At Caledonian Couriers, we regularly travel the length and breadth of the country and have encountered most if not all major roads in Scotland. With the most perilous often offering the most beautiful views, Scotland has some of the best bad roads in the world. Buckle up for our definitive list of the worst offenders.
This is Scotland’s second largest road and has the second worst reputation (behind Scotland’s first largest road, the A9). In spite of its notoriety, the A82 is perhaps safest road on this list – not that that’s saying much.
The problems start with a gauntlet of hairpin bends as the A82 wends round Loch Lomond. Transport Scotland have committed to improving the road, with the Highlands and Islands Transport Partnership declaring, “of the 147 miles (237 km) between Balloch and Inverness, only 42 miles (68 km) can be considered to be of a functional standard’. The road even has a dedicated campaign group, the A82 Partnership, set up solely to lobby the Scottish Government into improving the road’s conditions.
The A70 is known locally as the ‘Lang Whang’, which is Scots for a long leather bootlace. Strangely enough, this ancient road features heavily in Scottish lore. Legend has it that Rabbie Burns, after a day of traipsing along it, from Ayrshire to Edinburgh, rested for the night at the Wee Bush Inn in Carnwath. Burns summed up his exhaustion by engraving a graffito on the inn window: ‘Lang Whang, Lang Whang, Lang bloody Whang’. The notorious murderers Burke and Hare also used the road to transport their cadavers to Edinburgh Medical College. Most recently two Scottish men were, allegedly, abducted by a UFO while driving to Tarbrax from Edinburgh. The event became known as ‘The A70 Case’.
Despite its odd history, you are far more likely to crash on the A70 than encounter any murderers or UFOs. Both the Collins Atlas 2012 and AA Motoring Trust naming it one of the most dangerous roads in Scotland.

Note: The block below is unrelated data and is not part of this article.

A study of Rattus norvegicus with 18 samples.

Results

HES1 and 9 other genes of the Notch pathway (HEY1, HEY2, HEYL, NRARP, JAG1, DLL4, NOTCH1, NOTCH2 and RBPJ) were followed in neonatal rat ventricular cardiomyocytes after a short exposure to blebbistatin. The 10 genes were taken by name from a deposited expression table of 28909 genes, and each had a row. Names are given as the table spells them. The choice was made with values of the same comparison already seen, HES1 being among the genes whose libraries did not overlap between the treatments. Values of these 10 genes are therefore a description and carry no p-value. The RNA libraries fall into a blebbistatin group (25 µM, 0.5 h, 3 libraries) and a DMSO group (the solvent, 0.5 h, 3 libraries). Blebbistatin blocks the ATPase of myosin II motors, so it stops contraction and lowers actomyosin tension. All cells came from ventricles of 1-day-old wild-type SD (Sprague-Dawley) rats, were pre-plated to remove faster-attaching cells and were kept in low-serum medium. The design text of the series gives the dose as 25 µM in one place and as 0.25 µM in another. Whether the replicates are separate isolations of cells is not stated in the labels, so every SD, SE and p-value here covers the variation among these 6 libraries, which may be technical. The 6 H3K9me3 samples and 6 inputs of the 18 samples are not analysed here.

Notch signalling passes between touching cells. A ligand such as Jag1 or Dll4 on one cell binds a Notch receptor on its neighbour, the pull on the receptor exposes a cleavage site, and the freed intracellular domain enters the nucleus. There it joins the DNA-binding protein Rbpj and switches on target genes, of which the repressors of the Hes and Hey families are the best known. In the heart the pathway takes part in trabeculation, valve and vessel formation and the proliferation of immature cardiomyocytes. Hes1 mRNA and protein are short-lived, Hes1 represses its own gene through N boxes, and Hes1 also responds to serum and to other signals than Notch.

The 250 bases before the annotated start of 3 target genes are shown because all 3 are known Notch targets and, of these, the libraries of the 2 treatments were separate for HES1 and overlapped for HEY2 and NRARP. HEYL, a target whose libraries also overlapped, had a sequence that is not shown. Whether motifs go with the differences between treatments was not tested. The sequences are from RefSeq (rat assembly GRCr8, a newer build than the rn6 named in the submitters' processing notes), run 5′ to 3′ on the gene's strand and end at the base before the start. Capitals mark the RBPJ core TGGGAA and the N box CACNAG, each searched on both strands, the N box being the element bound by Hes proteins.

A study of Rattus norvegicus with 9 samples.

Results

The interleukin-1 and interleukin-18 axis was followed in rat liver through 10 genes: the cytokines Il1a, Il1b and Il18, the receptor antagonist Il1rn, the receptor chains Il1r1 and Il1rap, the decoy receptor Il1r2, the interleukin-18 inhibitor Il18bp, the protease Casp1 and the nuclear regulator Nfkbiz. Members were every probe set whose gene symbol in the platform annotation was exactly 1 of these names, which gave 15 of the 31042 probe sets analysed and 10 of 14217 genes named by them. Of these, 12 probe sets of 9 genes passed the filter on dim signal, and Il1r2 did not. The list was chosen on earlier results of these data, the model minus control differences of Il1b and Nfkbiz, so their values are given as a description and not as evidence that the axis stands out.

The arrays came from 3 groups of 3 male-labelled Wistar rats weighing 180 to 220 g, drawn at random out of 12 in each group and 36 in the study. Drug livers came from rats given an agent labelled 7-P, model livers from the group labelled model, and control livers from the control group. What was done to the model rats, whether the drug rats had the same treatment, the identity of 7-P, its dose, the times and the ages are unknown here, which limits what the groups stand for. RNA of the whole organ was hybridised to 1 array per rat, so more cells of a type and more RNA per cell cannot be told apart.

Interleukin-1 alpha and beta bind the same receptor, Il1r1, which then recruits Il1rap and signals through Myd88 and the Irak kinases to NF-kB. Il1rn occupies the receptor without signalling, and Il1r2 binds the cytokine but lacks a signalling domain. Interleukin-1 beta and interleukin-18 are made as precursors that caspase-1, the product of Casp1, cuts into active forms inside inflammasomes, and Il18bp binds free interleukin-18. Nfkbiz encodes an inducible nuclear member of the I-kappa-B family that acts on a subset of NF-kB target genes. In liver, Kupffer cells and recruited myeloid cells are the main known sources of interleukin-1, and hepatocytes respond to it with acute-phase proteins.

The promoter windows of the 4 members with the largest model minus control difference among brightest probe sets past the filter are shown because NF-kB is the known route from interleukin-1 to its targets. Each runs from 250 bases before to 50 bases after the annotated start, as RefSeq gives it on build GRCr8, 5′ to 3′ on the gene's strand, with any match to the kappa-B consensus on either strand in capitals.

In March 2014, the events firm Driving Experience called the A726 the deadliest road in Scotland and one of the most treacherous in the world. Road Safety campaigner Graeme Macklin dubbed the road a ‘racetrack’ and said: ‘it shouldn’t take another death before someone will take notice’.
Scotland’s longest and most infamous road is the 273 mile-long spine of the country. It has perhaps the worst reputation of any road in Scotland and is the subject of a new BBC Scotland programme entitled Life and Death on the A9. It claimed another life as recently as last Sunday, the 25th of March 2014.
The most notorious section is an 80-mile stretch between Perth and Inverness. To tackle high fatalities, the road will be upgraded to a full dual carriageway. At the cost of 3bn, Transport Minister Keith Brown claims this is the biggest transport project in Scotland’s history. Despite striking fear in the heart of drivers, the A9 is not statistically the most dangerous road in Scotland.
In late 2012, the Road Safety Foundation named the A809 as the most dangerous road in Scotland and the third most dangerous road across the UK. Between 2006-2010, the narrow winding road, familiar to many Weegie daytrippers, was the site of 24 fatal or serious crashes: a 41% rise on previous years.
In 2007, researchers from The Association for Safe International Road Travel concluded the A77 was the 23rd most dangerous road in the world. That’s right, the world. Within a single decade 30 people died on the A77 and close to 250 people were seriously injured. As part of their study, these American researchers interviewed a number of locals, who claimed they were too scared to drive on the trunk road, which connects Glasgow with Prestwick Airport and the Northern Irish ferry terminals at Stranraer.
There are many contenders for worst road in Scotland – partially because there are so many ways you can analyse accident and fatality statistics. Relative to the amount of traffic it gets, both the Road Safety Foundation and EuroRap found in 2013 that the A937 is the worst road in Scotland. The relatively quiet 13km stretch saw 16 serious or fatal incidents between 2007-11. In particular, the junction between the A937 and A90 is notably treacherous, sparking a A937/A90 Junction Campaign Facebook page as well as a page entitled ‘A937 dangerous drivers name and shame’.
One thing you may notice is that all the roads listed are A-roads. This shouldn’t be surprising. A study carried out by the Road Safety Foundation concluded that A-Roads are seven times more dangerous than motorways, finding that almost no A-roads are classified as low-risk. Our list is by no means all-inclusive. Other deadly roads that deserve a mention include the A708, A74, A81, A7 and A85. Yes, even Lewis Hamilton should feel cautious on these Scottish roads, so be sure to stay safe!